Phantom Pain in Amputees
Phantom limb pain is the occurrence of sensations in amputees, characterized by pain, that feel like they are coming from the now missing body part. While phantom pain is reported in some who have had body parts like organs, teeth, or breasts removed, the sensory phenomenon is most common in those who experience limb loss.
For some amputees, phantom limb pain gets better with time, but for others, managing phantom limb pain can be a constant challenge and can lead to grief, lack of sleep, and other impediments to living a normal life. Nearly 80 percent of amputees experience phantom limb pain at some point in their lives.
Symptoms of Phantom Limb Pain
According to studies, the vast majority of patients experience phantom limb sensations immediately after amputation while a minority start to experience it a few weeks after the operation.
In general, amputees report many different sensations associated with the missing limb with varying degrees of pain. Phantom limb sensations, not to be confused with phantom limb pain necessarily, may include pressure, itchiness, tingling, coldness, warmth, and, of course, pain.
Symptoms of phantom pain, specifically, include a shooting, stabbing, throbbing, or burning feeling that often seems to be coming from the furthest part of the missing limb, meaning the foot, toes, hand, or fingers.
Causes of Phantom Pain
In the past, doctors and medical scientists believed phantom limb pain was a purely psychological problem, but over time, evidence proved that phantom sensations are the product of mixed signals from the brain and spinal chord to the missing limb.
Thanks to brain scans, when an amputee feels phantom pain, areas of the brain that were neurologically connected to the amputated limb show increased activity. More specifically, the brain is sending pain signals to the phantom limb.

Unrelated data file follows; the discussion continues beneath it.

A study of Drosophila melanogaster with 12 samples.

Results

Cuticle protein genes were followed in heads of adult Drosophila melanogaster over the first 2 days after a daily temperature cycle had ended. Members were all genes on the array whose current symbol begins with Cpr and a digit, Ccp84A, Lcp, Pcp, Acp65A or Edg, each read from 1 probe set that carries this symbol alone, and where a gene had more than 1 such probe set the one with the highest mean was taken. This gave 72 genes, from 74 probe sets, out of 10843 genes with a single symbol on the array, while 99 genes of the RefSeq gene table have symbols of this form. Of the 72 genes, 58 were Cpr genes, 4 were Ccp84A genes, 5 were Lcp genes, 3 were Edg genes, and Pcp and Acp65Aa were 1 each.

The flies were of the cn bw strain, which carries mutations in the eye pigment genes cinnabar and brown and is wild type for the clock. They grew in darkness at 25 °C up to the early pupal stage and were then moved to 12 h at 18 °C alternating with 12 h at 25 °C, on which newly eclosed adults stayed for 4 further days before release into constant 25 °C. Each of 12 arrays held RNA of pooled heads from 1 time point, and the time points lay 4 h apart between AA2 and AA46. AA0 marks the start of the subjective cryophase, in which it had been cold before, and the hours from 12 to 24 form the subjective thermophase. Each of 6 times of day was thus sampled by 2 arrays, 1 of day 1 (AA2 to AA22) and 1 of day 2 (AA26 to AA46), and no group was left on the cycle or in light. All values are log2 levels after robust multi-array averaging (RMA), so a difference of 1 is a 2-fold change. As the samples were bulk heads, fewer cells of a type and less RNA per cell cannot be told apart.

As to why some amputees experience phantom pain and others don’t, there is still no definite reason. Despite not knowing this, however, it’s now believed by most experts in the medical field that some factors can increase the risk of phantom limb pain, including limb pain before amputation, stump pain due to damaged nerve endings, and a poor-fitting prosthetic limb.
Treating Phantom Limb Pain
The first thing any person suffering from phantom pain should do is to get in touch with a doctor to schedule an appointment. Also making detailed notes of your symptoms like when they occur, what triggers them, and how long they last can help your doctor more accurately create a treatment plan.
Although no specific medications exists for phantom limb pain, there are numerous other drugs out there that can be used to alleviate the pain, including anti-inflammatories, anti-depressants, anti-convulsants, beta-blockers, and muscle relaxers. Opioids may be prescribed but are not often effective and are highly addictive.
If medications alone don’t provide enough relief, other more invasive operations might do the trick. Popular treatments include injections, brain stimulation, stump revision, and spinal chord stimulation.
Another recent development being used to treat phantom pain is Vibrating Therapeutic Apparel created by Amira Idris, a graduate from University of Delaware. Put simply, the device works by placing a sleeve where the phantom pain is occurring. The vibrating nodes of the sleeve will then stimulate the area and reduce pain.
Managing Phantom Pain
While phantom limb pain is a reality of life for many amputees, taking steps to manage and prevent the pain can go a long way.
The best non-medical steps to manage phantom pain are to avoid phantom pain triggers and to make lifestyle adjustments.
Instead of solely going the medical route, it is important for those suffering from phantom pain to also try to incorporate alternative therapies that may help alleviate symptoms. Some options for this include acupuncture, massages, propping up the residual limb, electric nerve stimulation, and mirror box therapy.
Another great way to manage phantom limb pain is by making lifestyle changes like staying physically active, finding ways to relax, and by seeking out support from family, friends, and other amputees who have experienced phantom limb pain.